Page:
Sample Passages for Identification--Be able
to identify what work these quotations come from, what
author is (if known), what character (if any) is speaking,
and briefly comment upon the quotations significance or
A: Attend! We have heard of the thriving of the throne of Denmark,
How the folk-kings flourished in former days
How those royal athelings earned that glory. . . .
B: Heorot he named it, / whose word ruled a wide empire. / He made good his boast, gave out rings, / arm-bands at the banquet.
C: It was with pain that the powerful spirit / dwelling
in darkness endured that time, / hearing daily the hall
filled / with loud amusement.
D: This unhappy being
had long lived in the land of monsters
since the Creator cast them out
as kindred of Cain. For that killing of Abel
eternal Lord took vengeance.
There was no joy of that feud: far from mankind
God drove him out for his deed of shame!
From Cain came down all kinds misbegotten
--ogres and elves and evil shades--
as also the Giants, who joined in long
wars with God.
E: "Health to Hrothgar! I am Hygelac's kinsman
and serve in his fellowship. Fame-winning deeds
have come early to my hands. The affair of Grendel
has been made known to me on my native turf....
Had [my men] not seen me come home from fights
where I had bound five-Giants--their blood was upon me--
cleaned out a nest of them? Had I not crushed on the wave
sea-serpents by night in narrow struggle?
F: "So that my lord Hygelac, my leader in war,
may take joy in me, I abjure utterly
the bearing of sword or shielding yellow
board in this battle! With bare hands shall I
grapple with the fiend, fight to the death. . . .
FF: Gliding through the shadows came
the walker in night; the warriors slept
whose task was tohold the horned building. . . .
Down off the moorlands' misting fells came
Grendel stalking; God's brand was on him.
The spoiler ment to snatch away
From the high hall some of the human race.
G: Mysterious is the region / they live
in--of wolf-fells, wind-picked moors / and treacherous
fen-paths: a torrent
of water / pours down dark cliffs and plunges into the
earth, / an underground flood. It is not far from here,
of miles, that the Mere lies, overcast with dark, crag-rooted
trees / that hang in groves hoary with frost. / An uncanny
sight be seen at night there--the fire in the water!
GG: The blood it had shed made the sword dwindle into deadly icicles;
the war-tool wasted
away. It was wonderful indeed
how it melted away entirely, as the ice does in the spring
when the Father unfastens the frost's grip,
unwinds the water's rope--He who watches over
the times and the seasons; He is the true God.
H: "Wyrd saves oft / the man undoomed if he undaunted
I: The spring was cut on it / of the primal strife, with
the destruction at last / of the race of Giants by the rushing
Flood, / a terrible end. Estranged was that race / from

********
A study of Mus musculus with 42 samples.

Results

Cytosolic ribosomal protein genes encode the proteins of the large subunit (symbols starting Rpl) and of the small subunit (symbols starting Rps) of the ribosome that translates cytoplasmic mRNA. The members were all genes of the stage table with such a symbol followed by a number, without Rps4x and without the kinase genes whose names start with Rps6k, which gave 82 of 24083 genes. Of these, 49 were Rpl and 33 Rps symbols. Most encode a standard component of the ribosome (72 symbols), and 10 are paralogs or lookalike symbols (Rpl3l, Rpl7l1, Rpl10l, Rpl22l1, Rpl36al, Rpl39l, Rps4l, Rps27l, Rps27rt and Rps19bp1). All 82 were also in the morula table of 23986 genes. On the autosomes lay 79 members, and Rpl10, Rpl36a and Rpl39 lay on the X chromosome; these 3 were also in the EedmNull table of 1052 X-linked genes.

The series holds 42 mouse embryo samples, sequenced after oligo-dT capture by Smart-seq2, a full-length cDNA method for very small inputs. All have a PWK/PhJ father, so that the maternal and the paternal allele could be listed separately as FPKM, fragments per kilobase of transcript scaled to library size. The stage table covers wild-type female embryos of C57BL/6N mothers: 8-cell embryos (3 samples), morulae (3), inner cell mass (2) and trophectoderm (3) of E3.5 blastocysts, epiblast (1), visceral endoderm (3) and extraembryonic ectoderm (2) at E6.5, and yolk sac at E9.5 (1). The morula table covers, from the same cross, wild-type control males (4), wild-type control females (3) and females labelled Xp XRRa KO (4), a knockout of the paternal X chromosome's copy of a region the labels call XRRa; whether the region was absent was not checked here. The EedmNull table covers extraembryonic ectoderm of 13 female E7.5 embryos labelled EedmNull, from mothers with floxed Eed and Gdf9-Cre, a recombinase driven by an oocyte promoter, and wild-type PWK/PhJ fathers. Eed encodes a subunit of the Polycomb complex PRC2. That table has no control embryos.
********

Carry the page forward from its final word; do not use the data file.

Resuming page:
the Lord of Eternity: the tide of water / was the final
reward that the Ruler sent them.
I:J Passion filled the prince of the Geats:
he allowed a cry to utter from his breast,
roared from his stout heart: as the horn clear in battle
his voice re-echoed through the vault of grey stone.
The hoard-guard recognized a human voice,
and there was no more time to talk of friendship:
hatred stirred. Straightaway
The breath of the dragon billowed from the rock
in a hissing gust; the ground boomed.
K: "I remember the time, as we were
taking mead / in the banqueting hall, when we bound ourselves
to the gracious
lord who granted us arms, / that we would make return for
these trappings of war / these helms and hard swords,
such as this / should ever chance for him. . . / That day
has now come / when he stands in need of the strength
good fighters, our lord and liege. Let us go to him / help
our leader for as long as it requires . . ."
L: "Quickly go now,
beloved Wiglaf, and look upon the hoard
under the grey stone, now the serpent lies dead,
sleeps rawly wounded, bereft of his treasure.
Make haste, that I may gaze upon that golden inheritance,
that ancient wealth, that my eyes may behold
the clear skillful jewels: more calmly then may I
on the treasure's account take my departure
of life and of the lordship I have long held."
M: "Your kinsmen every one,
Shall become wanderers without land-rights
as soon as aethelings over the world
Shall hear the report of how you fled,
a deed of ill fame. Death is better
for any earl than an existence of disgrace!"
N: A woman of the Geats sang out
the lament for his death. Loudly she sang,
her hair bound up, the burden of her fear
that evil days were destined her
--troops cut down, terror of armies,
bondage, humiliation. Heaven swallowed the smoke. . . .
. . . they said that he was of all the world's kings
the gentlest of men, and the most gracious,
the kindest to his people, the keenest for fame.